On Friday, the National Basketball Association (NBA) made an important announcement. The 66th annual All-Star game — which had originally been scheduled to take place in Charlotte, NC — will instead be moved to New Orleans. According to the league, the decision stems from North Carolina state's decision to pass HB2, a new bathroom bill that would require individuals to use the restroom that corresponds with the gender they were assigned at birth.
In a statement, the NBA said, "While we recognize that the NBA cannot choose the law in every city, state, and country in which we do business, we do not believe we can successfully host our All-Star festivities in Charlotte in the climate created by HB2." The league went on to say that Charlotte could potentially host the All-Star Game in 2019, "provided there is an appropriate resolution to this matter." At first glance, it's simply a smart business move; plenty of businesses have withdrawn from North Carolina since the bill has passed. Upon closer inspection, though, it seems the NBA has made a historic move, one that offers support to the LGBT community in a way it never has before.
Homophobia is still a rampant problem in the athletic world at large, and basketball is no exception. Even in 2015, Time divulged the findings of a new study that exposed still-present homophobia in sports. The study reportedly "found few positive signs in any country that [lesbian, gay, and bisexual people] are welcome and safe playing team sports." There's a shocking dearth of out gay athletes in the sports world. The Time study also gave a nod to Jason Collins, who is the first openly gay active athlete in the four major US sports. Collins, however, didn't publicly come out until 2013. At this point, it's clear the sports world is moving a bit slower than other parts of society. And that's why NBA's move matters so much.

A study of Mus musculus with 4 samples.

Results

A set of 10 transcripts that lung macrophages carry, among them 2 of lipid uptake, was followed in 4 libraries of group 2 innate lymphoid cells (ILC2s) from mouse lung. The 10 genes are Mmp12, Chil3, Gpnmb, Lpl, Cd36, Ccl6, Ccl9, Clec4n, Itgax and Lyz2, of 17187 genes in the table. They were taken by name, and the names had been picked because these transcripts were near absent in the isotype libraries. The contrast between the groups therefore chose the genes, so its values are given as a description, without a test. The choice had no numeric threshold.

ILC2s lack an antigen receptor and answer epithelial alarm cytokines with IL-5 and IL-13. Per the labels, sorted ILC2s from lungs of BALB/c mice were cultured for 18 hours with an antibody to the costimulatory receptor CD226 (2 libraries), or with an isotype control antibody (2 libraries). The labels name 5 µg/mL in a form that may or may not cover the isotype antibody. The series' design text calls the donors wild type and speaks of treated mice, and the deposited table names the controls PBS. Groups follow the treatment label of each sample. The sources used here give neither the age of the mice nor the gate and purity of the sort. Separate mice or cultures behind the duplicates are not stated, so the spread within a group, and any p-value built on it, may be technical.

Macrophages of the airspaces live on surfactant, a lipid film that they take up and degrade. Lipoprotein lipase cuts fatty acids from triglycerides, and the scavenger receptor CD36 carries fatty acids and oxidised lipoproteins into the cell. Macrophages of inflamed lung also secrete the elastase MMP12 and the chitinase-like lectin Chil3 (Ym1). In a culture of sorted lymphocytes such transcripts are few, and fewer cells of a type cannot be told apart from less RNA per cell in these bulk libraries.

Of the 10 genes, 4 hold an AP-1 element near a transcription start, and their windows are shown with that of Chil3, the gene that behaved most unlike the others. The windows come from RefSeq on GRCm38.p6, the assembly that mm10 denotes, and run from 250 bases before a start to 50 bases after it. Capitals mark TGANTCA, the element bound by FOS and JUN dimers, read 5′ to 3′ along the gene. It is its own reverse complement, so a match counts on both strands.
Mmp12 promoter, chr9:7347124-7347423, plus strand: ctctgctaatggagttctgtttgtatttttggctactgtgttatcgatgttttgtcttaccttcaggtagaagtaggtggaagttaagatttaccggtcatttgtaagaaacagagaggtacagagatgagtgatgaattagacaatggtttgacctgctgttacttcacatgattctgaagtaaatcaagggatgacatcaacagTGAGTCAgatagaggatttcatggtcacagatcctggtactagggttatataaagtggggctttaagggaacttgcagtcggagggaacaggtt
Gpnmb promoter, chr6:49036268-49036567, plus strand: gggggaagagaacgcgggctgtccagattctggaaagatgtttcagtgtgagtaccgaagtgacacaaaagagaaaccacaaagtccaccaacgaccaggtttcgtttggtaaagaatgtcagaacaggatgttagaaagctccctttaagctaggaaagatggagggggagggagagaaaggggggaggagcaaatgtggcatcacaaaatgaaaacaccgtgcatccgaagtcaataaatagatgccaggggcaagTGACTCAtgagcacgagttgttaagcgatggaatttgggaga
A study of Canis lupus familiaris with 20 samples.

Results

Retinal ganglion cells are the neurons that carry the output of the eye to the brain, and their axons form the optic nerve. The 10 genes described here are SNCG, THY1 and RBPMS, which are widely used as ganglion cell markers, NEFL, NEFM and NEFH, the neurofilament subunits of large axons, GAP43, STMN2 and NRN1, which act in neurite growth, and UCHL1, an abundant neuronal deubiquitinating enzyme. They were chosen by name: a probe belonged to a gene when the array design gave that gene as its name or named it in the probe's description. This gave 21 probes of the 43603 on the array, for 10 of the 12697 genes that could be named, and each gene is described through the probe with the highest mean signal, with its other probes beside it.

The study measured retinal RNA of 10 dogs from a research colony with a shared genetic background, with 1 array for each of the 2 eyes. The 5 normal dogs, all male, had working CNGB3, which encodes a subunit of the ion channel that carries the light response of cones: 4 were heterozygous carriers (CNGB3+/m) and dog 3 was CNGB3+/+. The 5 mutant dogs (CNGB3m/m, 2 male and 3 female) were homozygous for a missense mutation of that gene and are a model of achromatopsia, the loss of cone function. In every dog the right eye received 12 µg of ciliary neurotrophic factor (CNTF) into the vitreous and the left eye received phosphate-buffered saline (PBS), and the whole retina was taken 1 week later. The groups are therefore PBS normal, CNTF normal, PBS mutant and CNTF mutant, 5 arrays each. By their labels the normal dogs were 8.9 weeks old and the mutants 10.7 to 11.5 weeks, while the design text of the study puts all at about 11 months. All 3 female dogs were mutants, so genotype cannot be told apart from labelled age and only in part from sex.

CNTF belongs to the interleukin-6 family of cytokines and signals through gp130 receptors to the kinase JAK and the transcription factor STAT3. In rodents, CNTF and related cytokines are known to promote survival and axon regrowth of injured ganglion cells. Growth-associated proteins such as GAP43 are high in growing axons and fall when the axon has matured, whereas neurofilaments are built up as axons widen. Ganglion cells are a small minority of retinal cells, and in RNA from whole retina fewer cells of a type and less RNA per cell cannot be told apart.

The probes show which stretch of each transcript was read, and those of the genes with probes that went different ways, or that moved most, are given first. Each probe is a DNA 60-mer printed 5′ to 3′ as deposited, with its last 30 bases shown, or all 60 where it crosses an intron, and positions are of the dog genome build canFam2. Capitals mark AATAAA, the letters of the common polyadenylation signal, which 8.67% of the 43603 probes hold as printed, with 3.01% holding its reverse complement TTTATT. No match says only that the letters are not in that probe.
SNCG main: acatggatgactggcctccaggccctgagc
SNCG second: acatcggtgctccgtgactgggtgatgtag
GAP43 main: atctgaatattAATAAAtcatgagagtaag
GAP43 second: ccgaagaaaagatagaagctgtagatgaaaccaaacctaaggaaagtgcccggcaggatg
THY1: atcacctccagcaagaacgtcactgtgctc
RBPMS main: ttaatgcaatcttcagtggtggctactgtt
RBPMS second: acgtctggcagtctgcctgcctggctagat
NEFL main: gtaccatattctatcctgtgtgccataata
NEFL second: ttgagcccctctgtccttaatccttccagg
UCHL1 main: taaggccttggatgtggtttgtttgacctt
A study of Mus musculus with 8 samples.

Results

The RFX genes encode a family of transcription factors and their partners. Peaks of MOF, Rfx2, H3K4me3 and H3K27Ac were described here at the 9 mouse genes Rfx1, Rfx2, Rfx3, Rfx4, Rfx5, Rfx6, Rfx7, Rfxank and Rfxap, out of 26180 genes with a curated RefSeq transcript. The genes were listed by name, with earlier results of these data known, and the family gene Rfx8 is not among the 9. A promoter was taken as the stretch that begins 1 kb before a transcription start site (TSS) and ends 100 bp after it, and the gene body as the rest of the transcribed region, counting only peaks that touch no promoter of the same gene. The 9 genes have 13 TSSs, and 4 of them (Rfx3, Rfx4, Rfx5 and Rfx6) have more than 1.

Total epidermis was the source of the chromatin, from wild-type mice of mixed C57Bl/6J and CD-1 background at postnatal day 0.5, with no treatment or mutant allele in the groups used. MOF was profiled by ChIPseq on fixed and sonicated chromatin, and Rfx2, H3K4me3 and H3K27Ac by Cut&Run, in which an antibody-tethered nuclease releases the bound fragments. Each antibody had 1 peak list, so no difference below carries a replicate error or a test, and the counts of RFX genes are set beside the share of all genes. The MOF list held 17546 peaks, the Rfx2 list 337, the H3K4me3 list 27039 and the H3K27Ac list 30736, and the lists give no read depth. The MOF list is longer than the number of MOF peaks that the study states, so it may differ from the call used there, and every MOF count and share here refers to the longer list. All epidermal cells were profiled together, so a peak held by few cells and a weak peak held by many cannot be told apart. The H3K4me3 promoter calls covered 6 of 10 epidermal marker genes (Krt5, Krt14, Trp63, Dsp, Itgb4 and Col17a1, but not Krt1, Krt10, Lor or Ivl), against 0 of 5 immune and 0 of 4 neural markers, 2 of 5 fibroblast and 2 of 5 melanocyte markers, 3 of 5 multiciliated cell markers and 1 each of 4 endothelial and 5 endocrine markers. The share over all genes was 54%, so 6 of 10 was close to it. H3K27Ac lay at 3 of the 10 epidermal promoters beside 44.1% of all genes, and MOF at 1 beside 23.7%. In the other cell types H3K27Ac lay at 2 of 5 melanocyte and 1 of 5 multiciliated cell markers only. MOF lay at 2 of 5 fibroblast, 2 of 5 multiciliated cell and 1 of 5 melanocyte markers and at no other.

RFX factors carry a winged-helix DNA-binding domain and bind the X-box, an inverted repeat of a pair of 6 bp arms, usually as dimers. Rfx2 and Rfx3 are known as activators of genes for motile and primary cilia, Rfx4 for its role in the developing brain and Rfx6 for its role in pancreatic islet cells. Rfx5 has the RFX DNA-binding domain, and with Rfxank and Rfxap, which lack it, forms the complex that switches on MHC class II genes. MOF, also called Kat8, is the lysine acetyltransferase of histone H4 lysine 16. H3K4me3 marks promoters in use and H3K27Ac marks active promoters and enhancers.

How encouraging is it that the NBA, a league with such power and exposure, has made a decision with the LGBT community in mind? When such a prolific part of the sports world does something this forward-thinking, it can cause real change. The result is three-fold: first, the NBA sets an example for its basketball teams and players, and perhaps the sports world at large. What's more, it provides a small, hitherto absent space for closeted players to feel just a little safer. And, of course, the entire LGBT community witnesses an act of solidarity that hasn't quite been enacted at such a large scale before. With homophobia occurring as such a large, seemingly unfixable problem, the NBA has taken the first step toward dismantling it.